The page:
I saw a post a while back about a bracelett that was digital and a bit pricey but very effective at reducing seasickness. I would like more info if anyone can remember the details.

thanks
ReliefBand® -

See also MedLine’s Motion Sickness pages
MedlinePlus: Motion Sickness

And some earlier CF discussions at:

http://www.cruisersforum.com/forums/...ron-18110.html

http://www.cruisersforum.com/forums/...ork-23183.html

Motion Sickness

Motion Induced Fatigue (MIF)

Good luck!!!
first, what a fantastic choice for a cruising boat!!

Hopefully the bands will work for you. Everything I've read and heard about seasickness, is that everyone needs to find the remedy that works for them. For, me- I tried bands, ginger, OTC drugs, etc. No matter what I did, I was ill for about the first 24 hours in open seas. Then I found stugeron... woo hoo!! So far the only remedy for me, and just for the first 12 to 24-hours. Our source was canadadrugsonline: www.candadadrugsonline.com

Best of luck.... hopefully we'll see you out there.

Steve

My preference is Bonine for the first 24-48 hours, depending on the sea state.

I had a woman onboard last week who was wearing a Scopolamine patch. She absolutely could not stay awake for very long. It made doing her job extremely difficult. She was also a bit of a safety hazard to herself, being that tired.

There is no doubt that some of the effectiveness lies in the belief in the cure, thus the need to find the one that does work, and does not turn you into a zombie.

The relief bands work for a lot of people, but so does ginger!

Personally I prefer Kwells, these have the same drug that was invented for use by the troops for D Day, and is also in a lot of the liferaft prescriptions. Works for me!

Having 4 show dogs out around the U.S.A.and Canada,we made sure that each got one or two ginger snap cookies 1/2 hour before they left.They adjusted to the various vehichles [handlers].no more problems.
I have never been sea sick but my father ,who was in the navy during the war on an icebreaker,told me that when you get it ,you want to die.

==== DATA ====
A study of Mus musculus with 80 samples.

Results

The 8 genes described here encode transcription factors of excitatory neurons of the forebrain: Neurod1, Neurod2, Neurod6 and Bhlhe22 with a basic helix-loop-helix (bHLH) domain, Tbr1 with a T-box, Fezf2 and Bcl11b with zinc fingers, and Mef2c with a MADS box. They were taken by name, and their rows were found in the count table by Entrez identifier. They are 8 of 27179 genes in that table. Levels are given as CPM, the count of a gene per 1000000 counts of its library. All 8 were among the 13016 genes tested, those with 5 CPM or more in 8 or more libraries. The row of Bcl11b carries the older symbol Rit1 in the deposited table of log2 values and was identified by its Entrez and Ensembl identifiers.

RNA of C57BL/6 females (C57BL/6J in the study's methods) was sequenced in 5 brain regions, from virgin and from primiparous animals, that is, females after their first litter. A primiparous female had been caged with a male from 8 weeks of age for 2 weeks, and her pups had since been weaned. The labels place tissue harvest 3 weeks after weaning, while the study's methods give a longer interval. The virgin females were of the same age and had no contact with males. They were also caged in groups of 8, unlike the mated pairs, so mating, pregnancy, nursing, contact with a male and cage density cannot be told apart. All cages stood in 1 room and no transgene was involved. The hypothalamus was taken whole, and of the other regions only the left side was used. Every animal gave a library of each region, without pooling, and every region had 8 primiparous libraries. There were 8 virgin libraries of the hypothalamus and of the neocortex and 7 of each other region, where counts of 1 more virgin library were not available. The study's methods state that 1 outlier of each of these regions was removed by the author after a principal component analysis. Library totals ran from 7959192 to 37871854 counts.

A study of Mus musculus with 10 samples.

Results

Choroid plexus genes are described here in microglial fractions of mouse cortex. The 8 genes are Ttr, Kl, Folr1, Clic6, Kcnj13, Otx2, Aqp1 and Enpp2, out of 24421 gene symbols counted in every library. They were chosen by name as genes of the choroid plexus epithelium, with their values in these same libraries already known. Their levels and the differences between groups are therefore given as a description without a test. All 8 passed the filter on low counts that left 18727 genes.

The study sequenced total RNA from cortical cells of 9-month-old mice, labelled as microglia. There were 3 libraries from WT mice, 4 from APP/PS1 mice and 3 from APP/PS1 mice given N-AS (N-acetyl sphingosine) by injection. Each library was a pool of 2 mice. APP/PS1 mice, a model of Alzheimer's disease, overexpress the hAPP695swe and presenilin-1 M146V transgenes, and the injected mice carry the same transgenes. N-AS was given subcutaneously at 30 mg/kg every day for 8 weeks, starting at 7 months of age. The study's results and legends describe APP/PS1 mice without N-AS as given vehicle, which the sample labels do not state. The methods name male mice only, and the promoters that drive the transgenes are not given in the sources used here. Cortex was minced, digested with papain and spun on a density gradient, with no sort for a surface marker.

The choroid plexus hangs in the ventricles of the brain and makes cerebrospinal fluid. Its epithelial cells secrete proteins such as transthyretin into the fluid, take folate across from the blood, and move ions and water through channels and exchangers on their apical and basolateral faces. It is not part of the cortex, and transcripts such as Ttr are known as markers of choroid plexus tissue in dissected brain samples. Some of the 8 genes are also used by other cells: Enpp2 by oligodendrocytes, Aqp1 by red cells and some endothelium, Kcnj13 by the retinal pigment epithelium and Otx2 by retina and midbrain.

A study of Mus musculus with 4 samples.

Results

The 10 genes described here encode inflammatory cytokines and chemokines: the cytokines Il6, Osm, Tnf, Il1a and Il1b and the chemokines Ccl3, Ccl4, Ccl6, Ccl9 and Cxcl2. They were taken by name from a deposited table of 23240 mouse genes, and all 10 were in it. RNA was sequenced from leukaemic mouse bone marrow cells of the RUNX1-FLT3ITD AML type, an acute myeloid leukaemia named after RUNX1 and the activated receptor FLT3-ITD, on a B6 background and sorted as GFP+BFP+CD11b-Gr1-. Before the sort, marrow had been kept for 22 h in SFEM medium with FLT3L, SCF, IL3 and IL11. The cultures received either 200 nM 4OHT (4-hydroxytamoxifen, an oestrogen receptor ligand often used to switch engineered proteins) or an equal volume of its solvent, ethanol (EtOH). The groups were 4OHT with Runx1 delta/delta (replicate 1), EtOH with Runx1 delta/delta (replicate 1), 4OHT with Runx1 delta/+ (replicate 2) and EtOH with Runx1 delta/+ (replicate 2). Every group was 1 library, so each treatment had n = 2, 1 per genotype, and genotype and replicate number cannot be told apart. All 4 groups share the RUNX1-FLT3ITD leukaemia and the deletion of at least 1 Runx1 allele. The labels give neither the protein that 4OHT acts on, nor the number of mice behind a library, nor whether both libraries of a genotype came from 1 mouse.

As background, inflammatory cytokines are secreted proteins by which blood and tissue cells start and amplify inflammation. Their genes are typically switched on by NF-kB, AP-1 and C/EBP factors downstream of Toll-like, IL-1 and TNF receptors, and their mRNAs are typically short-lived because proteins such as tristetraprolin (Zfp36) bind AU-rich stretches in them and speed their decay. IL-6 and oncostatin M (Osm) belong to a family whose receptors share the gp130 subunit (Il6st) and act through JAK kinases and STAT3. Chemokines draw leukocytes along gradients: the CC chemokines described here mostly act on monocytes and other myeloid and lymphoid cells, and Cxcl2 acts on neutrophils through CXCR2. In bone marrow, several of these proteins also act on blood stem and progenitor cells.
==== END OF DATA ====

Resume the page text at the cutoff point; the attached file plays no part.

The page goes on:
So every time I go sailing for any length of time on the ocean ,I always use a scop patch. good for 3 days and then I throw it away [always have more on hand just in case]
I think the lady that was mentioned may have been a bit on the small side[they run that way,doncha know? ] Perhaps the scop patch was too much for her. I know that when I have used a second one [days 4,5 &6 ] that i get a dull head ache that will not go away . So i never use one for more than the first 3 days and they work like a charm for me ..
your mileage may vary !
W

Hi Motion,
I am only a bit bigger than you : 5' 11" and 192 + -
Now take the AVERAGE woman. By that I mean the AVERAGE woman !
I am talking a woman who is 5' 4" or 5' 5" and 130 lbs.

The scop patch knocked you on your butt. We all react differently to different things...Lets take that average woman ...not quite but almost half my size and give her the same dose that I get with that little round band aid ...Very well could knock her out ... you are about 7 percent smaller than me ...that could be all it takes .we all are different and I think that mass must play an important part in this ...As i said , after 3 days ,I get a dull head ache and it gets worse as time goes on ,so I don't use one except for the first 2-3 days if I have been away from the ocean for a while

your mileage may vary
W
Originally Posted by Talbot View Post
Dave's point about finding the correct one for you, is the most important point.

...

Personally I prefer Kwells,
The past - I never got seasick
- I was sure I never would

Reality - In 1999 I was on a trip to Cairns AU and was on my way out to dive the Reef. 12 foot swells for two hours and I got sea sick for the first time in my life. Three days later - before going out again, my dive buddy handed me a glass of OJ and a Kwell. Ripper! No seasickness again. I bought a bunch and brought them home to Canada. Each trip downunder I bought more.

When I totally ran out I took the Kwells box to a pharmacist and she read the box and told me that the ingredients were the same as Bonine and in fact was the same as their "house brand".

Now - we don't leave home without them -they are always on the boat and are always taken be either of us if the weather for the day looks ugly.

Works for both the admiral and myself.

Cheers


Experienced sailors told me it usually goes away after up to 3 days - but I never had a chance to try. Interestingly, I still want to come back to the sea, despite this... so this thread is most valuable, must research those bracelets.

Re. ginger - could I just chew fresh ginger?
I have the drugstore brand here beside me (bought in the USA at a CVS Drug store). They call it "Motion Sickness II". Front says "Meclizine Hydrochloride Tablets, Compare to the active ingredient in "Dramamine Less Drowsy" 25 mg each

I cannot see the "active ingredient as that is where I tore the box open - sorry.

We also just watched this week an interesting episode of Myth Busters - they were looking for a non-chemical solution to motion sickness - the only thing they found that worked was ginger tablets - they found in their experiments that the wrist bands did nothing for them.